Baba' babo

"If music be the food of love, play on," said the bard. But he could have added that if you really want to score, then skip the music bit and go get dinner. A romantic dinner for two is the perfect icebreaker when getting to know someone else, and like all good cliches it's true. But, for me, eating is a sublime pleasure in itself, for which I need no partner to enjoy. I guess this is tantamount to admitting I am a culinary wanker, but there you go. One can't deny one's upbringing, eh what? Ah, the joys of the British public education system!

I have been surrounded by food my whole life. As a child, I remember arriving home once to find my mother in the process of jugging a hare. The poor thing was lying on the kitchen table with its guts trailing from its belly. "Oh, boys! Come and look at this," said my mother to my two brothers and me. "Now, this is its heart, and this the kidney and over here is the spleen. Do you know what a spleen is?" At which point Luke, the youngest of us three, burst into tears, sobbing, "Bunny -- dead." On another occasion, in what was to become a family legend, my mother pinched the waist of my other brother, Dan, and said, "Hmm, you'd make a lovely stew." Whereupon he replied somewhat fearfully, "Please don't cook me. I promise to be good."

Anticipating Thursday's Thanksgiving gorge, I managed to have a gluttonous weekend last week. Saturday afternoon kicked off with the opening of a new Japanese restaurant, Ginza, next door to Panda, on Tverskoi Bulvar. I was excited, as having spent two years living in Tokyo I am extremely fond of Japanese food, and these days I can hardly afford to visit any of Moscow's four restaurants more than very occasionally.

However, it was disappointing and a classic of Moscow's would-be-classy restaurants -- expensive and pretty mediocre. In a small pine-paneled room the guests -- various embassy and Chinese businessmen types -- were almost outnumbered by staff, who, in their eagerness to provide good service, would whip your plate away before you had completely cleared it.

The food, too, was not quite up to par, but I don't think that you can wholly blame them for this. Where the hell in Russia are you going to find fish fresh enough to make really good sushi? Once, in Tokyo, I was taken to a very posh restaurant (and we are talking very, as in dollars 100 per piece of sushi), where the fish was so fresh that you had to wait for it to die on your plate before you could eat it. The fact that all the chefs at Ginza are from Taiwan probably didn't help matters either.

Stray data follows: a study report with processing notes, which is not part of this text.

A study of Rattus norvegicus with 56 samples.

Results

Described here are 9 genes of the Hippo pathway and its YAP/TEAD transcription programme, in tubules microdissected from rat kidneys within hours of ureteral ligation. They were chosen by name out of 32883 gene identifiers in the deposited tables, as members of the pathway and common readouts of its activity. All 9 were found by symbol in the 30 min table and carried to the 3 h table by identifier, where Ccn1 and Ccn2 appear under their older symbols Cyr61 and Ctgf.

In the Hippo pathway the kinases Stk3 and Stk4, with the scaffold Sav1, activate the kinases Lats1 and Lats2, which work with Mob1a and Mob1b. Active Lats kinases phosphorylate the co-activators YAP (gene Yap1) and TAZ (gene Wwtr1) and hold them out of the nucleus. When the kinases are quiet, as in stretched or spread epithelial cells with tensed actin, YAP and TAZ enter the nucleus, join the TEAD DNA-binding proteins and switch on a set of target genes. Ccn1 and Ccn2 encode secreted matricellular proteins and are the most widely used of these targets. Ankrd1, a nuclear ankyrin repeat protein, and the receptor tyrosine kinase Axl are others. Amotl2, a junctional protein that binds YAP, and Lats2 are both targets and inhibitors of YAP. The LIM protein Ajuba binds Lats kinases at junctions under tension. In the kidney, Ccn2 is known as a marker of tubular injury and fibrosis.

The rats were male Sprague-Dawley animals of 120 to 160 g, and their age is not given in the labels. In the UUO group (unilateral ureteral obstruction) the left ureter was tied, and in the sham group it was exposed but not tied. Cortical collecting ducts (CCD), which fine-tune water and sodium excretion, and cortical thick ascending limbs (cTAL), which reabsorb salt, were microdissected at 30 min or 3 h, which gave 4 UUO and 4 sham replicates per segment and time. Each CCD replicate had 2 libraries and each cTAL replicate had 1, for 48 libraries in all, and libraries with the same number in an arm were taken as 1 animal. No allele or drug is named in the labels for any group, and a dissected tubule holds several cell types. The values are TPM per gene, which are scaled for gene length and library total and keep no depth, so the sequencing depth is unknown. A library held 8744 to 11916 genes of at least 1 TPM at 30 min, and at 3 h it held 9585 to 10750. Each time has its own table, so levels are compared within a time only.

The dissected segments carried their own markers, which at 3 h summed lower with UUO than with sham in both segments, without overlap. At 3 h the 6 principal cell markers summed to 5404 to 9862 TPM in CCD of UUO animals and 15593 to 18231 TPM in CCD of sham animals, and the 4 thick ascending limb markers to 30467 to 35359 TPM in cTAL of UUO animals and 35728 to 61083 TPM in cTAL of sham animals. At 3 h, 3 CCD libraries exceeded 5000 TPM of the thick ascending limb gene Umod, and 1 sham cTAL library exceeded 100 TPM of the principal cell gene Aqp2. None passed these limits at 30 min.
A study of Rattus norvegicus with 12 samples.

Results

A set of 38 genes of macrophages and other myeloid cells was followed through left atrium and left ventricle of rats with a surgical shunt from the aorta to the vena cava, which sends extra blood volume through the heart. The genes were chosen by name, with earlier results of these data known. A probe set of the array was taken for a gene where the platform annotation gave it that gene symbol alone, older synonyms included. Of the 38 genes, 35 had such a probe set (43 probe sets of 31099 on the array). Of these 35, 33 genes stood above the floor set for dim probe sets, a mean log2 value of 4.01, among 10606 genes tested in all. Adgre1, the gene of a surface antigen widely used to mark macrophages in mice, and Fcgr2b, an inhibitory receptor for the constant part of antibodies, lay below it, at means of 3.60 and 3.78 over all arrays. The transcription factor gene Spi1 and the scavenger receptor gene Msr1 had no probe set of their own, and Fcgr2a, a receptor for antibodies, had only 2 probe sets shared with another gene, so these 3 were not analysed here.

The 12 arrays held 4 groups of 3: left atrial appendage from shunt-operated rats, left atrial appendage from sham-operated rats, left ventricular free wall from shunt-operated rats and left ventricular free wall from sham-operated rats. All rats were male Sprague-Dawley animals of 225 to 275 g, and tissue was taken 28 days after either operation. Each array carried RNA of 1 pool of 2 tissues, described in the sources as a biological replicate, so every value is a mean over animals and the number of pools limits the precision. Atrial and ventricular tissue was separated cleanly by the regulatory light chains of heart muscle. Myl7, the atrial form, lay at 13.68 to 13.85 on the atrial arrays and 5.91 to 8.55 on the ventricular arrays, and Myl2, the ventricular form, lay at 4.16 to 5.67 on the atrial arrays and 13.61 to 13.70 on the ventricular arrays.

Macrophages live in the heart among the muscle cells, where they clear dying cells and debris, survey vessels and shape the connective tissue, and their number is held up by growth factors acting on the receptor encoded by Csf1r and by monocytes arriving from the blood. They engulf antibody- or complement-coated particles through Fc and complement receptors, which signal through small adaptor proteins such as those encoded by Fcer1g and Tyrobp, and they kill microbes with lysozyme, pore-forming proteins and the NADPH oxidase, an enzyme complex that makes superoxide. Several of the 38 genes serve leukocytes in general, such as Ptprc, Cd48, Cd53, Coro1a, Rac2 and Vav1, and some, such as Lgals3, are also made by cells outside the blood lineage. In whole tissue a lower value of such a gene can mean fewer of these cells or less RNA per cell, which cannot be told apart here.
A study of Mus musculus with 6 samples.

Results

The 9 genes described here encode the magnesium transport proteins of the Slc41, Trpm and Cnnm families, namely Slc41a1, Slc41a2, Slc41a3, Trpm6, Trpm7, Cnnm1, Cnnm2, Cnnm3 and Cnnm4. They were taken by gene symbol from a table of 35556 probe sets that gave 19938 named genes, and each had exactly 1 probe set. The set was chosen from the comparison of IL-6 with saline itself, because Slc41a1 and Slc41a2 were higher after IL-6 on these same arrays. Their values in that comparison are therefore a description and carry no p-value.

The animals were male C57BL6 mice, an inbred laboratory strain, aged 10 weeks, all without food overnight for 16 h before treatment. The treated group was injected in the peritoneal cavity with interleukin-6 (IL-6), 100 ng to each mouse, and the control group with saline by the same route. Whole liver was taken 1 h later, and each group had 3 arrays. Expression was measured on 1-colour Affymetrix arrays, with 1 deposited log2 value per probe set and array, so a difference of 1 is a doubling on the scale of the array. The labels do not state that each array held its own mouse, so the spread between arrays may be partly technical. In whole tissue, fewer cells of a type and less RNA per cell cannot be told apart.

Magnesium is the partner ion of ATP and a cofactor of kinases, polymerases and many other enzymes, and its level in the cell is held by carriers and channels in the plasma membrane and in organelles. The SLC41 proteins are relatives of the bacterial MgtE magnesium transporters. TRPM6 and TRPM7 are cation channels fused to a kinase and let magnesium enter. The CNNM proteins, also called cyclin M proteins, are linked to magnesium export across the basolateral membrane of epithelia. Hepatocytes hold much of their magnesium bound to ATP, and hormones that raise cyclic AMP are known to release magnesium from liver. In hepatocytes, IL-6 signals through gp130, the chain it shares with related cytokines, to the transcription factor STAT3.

Saturday night was a little better. This time I was invited to a reception at the Chevignon's new 24-hour clothes store on Stoleshnikov Pereulok. A little weird, it has to be said: a clothes store open 24 hours a day with a decent steak y frittes restaurant in the basement. Why you would be possessed to go and buy new underpants at 4 a.m. I am not sure. Well, actually I can see it, but I hardly think there are enough de-bagged pissed club-heads wandering around to justify the cost. But then Moscow always did have its own ideas of what "free market" means, and "free" is certainly not in the definition.

Chevignon was having a special to celebrate the arrival of the Beaujolais Nouveau; a totally pointless tradition that every year has pinstripe-suited bankers in London's square mile haring through the streets, hot foot from the Dover ferry, to bring the very first bottle to their chums for the annual piss-up. A bit too cheap a wine for this tradition to catch on here, it was still one of the nicer evenings I have had in awhile. I wonder what is going to be next? Kangaroo-U-Like? In the meantime, I will happily sit at home with a copy of Gourmet Monthly and a box of tissues.